Bowie was my everything music – the alpha and omega. He was the artist who singlehandedly turned me on to sound. So when he passed yesterday, I was demolished. In his last album Blackstar, Bowie continued to tweak musical boundaries, creating a bleaker version of himself — a Major Tom still in outer space. In hindsight, his customarily freaky and brilliant videos clearly hint at his coming demise.
I wrote a little something a few years ago for my friend Nancy Davis Kho’s Midlife Mixtape site about one of my favorite Bowie albums that was still in heavy rotation — Young Americans. On the occasion of his passing, I thought I’d share that here.
I’ll miss you David. Gone but never, ever forgotten — your legacy lives on in every musician and fan.
As an 8-year-old in mid ‘70s Philadelphia, I’d rise most school days to the snap and crackle of WFIL-AM, and the Bay City Rollers, Starland Vocal Band or Hot Chocolate imploring me to get up, “you sexy thing.” Whatever that meant. (I also used to sing, “Voulez vous couchez avec moi, ce soir” without a clue what I was requesting. My parents would cringe.)
Then a funky, bellowing crooner started getting heavy airplay with songs like “Golden Years,” “Fame” and “Young Americans.” Who was this guy?
Something about the sophisticated sound drew me in. A lush arrangement of funky beats, sax, and piano. It was like recognizing a true love for the first time. It was David Bowie, but it was also Music.
I didn’t buy the album Young Americans until I was about 13 years old, when I spent most of my allowance at Sam Goody. Years later I’d go back and clue into other favorites Ziggy Stardust, Aladdin Sane, Hunky Dory and in high school, of course, sigh, Let’s Dance (finally, I got to see Bowie live.) But it was the full album Young Americans that initially caught my heart. The sound is steeped in thick-cut funk and mellow R&B jams; the perfect high school soundtrack while you were cruising the curves of East River (now Kelly) Drive. It’s an album that I still play constantly, and listen to much differently than I did back then.
Where I was first struck by the unusual, intricate arrangements and the undeniable groove (this ain’t no disco), eventually I hooked into the overall mood and lyrics, often dark and plaintive, lonely and searching.
The title track opens with a cascading spill of beats, the glissando from a piano and a beckoning sax—as if you’re tumbling into the album—or into a snapshot of the City of Brotherly Love. Bowie was reportedly obsessed with the Philadelphia Sound — a style embodied by lavish, string-sweeping arrangements, funky horns and often (to this ear) chillin’ on a Sunday morning. He recorded most of the album at soul central, Sigma Sound Studios — renowned for producers Gamble & Huff and groups like the Trammps, Harold Melvin & the Blue Notes and the Delfonics — and brought in clutch session cats like Carlos Alomar on guitar, David Sanborn on the omnipresent sax and backing vocals by none other than Luther Vandross. The band sort of kicks his ass. (Just listen to Sanborn riff on in “Fascination.”)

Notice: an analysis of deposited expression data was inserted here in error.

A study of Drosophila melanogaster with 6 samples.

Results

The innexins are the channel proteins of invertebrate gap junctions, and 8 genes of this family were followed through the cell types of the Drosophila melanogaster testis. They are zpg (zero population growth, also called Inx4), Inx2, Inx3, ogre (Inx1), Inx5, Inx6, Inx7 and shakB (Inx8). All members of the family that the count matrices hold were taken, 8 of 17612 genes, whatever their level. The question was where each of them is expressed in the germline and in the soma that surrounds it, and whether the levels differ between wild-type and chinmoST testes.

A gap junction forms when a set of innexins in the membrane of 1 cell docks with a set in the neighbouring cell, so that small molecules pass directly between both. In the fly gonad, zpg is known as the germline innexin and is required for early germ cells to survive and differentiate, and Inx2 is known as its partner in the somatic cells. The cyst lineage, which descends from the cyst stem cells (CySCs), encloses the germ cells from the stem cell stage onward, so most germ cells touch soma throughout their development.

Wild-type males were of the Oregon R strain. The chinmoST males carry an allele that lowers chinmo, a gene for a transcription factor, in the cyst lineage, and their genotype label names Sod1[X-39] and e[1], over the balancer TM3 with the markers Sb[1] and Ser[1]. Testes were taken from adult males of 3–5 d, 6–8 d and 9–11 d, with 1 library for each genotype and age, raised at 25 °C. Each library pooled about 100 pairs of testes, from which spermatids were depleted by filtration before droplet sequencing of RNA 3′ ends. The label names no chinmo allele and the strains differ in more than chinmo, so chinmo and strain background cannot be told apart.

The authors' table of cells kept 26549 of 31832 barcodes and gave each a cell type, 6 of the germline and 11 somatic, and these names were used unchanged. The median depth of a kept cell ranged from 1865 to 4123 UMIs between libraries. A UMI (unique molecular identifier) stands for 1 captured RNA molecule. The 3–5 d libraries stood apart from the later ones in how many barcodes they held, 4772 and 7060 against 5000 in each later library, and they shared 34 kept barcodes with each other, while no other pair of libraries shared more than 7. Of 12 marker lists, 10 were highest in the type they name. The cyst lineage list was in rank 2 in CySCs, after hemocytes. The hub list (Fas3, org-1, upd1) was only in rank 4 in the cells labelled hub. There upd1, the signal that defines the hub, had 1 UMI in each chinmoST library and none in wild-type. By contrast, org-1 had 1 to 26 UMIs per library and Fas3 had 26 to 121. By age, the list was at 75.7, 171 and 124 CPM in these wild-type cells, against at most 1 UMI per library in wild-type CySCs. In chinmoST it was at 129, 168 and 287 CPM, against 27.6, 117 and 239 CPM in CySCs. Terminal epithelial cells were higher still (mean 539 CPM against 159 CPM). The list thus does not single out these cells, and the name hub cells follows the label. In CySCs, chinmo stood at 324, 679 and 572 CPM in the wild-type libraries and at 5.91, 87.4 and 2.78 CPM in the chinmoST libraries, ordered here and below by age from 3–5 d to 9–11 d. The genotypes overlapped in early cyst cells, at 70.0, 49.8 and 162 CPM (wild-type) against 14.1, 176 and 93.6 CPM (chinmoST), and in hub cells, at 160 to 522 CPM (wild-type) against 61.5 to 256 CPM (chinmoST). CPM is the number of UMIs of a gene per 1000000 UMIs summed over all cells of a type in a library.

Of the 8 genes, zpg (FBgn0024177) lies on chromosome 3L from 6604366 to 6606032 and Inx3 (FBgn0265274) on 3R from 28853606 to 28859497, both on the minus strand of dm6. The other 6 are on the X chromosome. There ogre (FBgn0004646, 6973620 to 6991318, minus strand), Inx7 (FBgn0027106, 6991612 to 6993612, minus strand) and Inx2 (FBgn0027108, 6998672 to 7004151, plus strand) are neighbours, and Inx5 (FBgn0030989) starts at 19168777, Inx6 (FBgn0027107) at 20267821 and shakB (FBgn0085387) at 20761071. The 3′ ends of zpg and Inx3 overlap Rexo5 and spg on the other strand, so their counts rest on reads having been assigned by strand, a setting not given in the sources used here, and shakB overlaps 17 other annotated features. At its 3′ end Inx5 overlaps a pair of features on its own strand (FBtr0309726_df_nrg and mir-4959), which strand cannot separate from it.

No doubt, the album is polished and high concept — like a kid hanging out with his street corner heroes, just for one day. In fact, Bowie wasn’t immune to out and out pilfering, with approval of course. For that sexy sax-pounding “Fascination,” he and Vandross revised one of Vandross’s originals and updated it for the album. (Here’s Bowie’s; Here’s Vandross’ original).
But “Young Americans” is still the stand-out for me, the speed-reading rush of lyrics filled with political jabs (“Do you remember your President Nixon?”) and references to his pal and album co-conspirator John Lennon (“I heard the news today oh boy”). Sharp-witted lyrics and a spirited vibe — it’s just plain fun. Of course Lennon co-wrote and sings back-up on the deeply cool “Fame” and Bowie covers Lennon’s “Across the Universe”, my least favorite track — its earthy, earlier-Bowie style seems out of place.
It’s the soul-searching tunes that are some of the album’s finest. They have an awake in the middle-of-the-night feel to them (maybe because Bowie, addicted to Cocaine at the time is reported to have rarely slept during the recording.) “Win” is maybe my favorite of those, an elegant slow jam pleading, “slow down let someone love you.” Damn. Those bassoon-deep vocals get me in the lady parts every time.
“Can You Hear Me” is another wish for a lost love, with an almost Smokey Robinson romance. The Luther-led background chorus takes it right to the heart.
In a 1991 Rykodisc/EMI re-iussue (and subsequent editions), the album added tracks that are as good as any of the originals. The lush, bluesy ballad “It’s Gonna Be Me” and “Who Can I Be Now?” which one of my treasured, moody mixtape standbys. Hard to believe that either didn’t make the original cut. The latter song is a sort of meta conversation, Bowie’s having with himself — it’s not just who will the Thin White Duke become next but about finding oneself through love. “If it’s all a vast creation? Putting on a face that’s new?”
Some have criticized Bowie for being the perfect “stylist,” an Andy Warhol of music, parroting back current tastes. (More an homage than a thief, Bowie mined Dylan, Elvis, Lou Reed on earlier albums) Bowie might even agree, once calling this album, “Plastic Soul.” But there’s clearly a Bowie sound here like none other. Experimental, searching, slick, and strange and in that, authentically Bowie.
This piece originally appeared on Midlife Mixtape.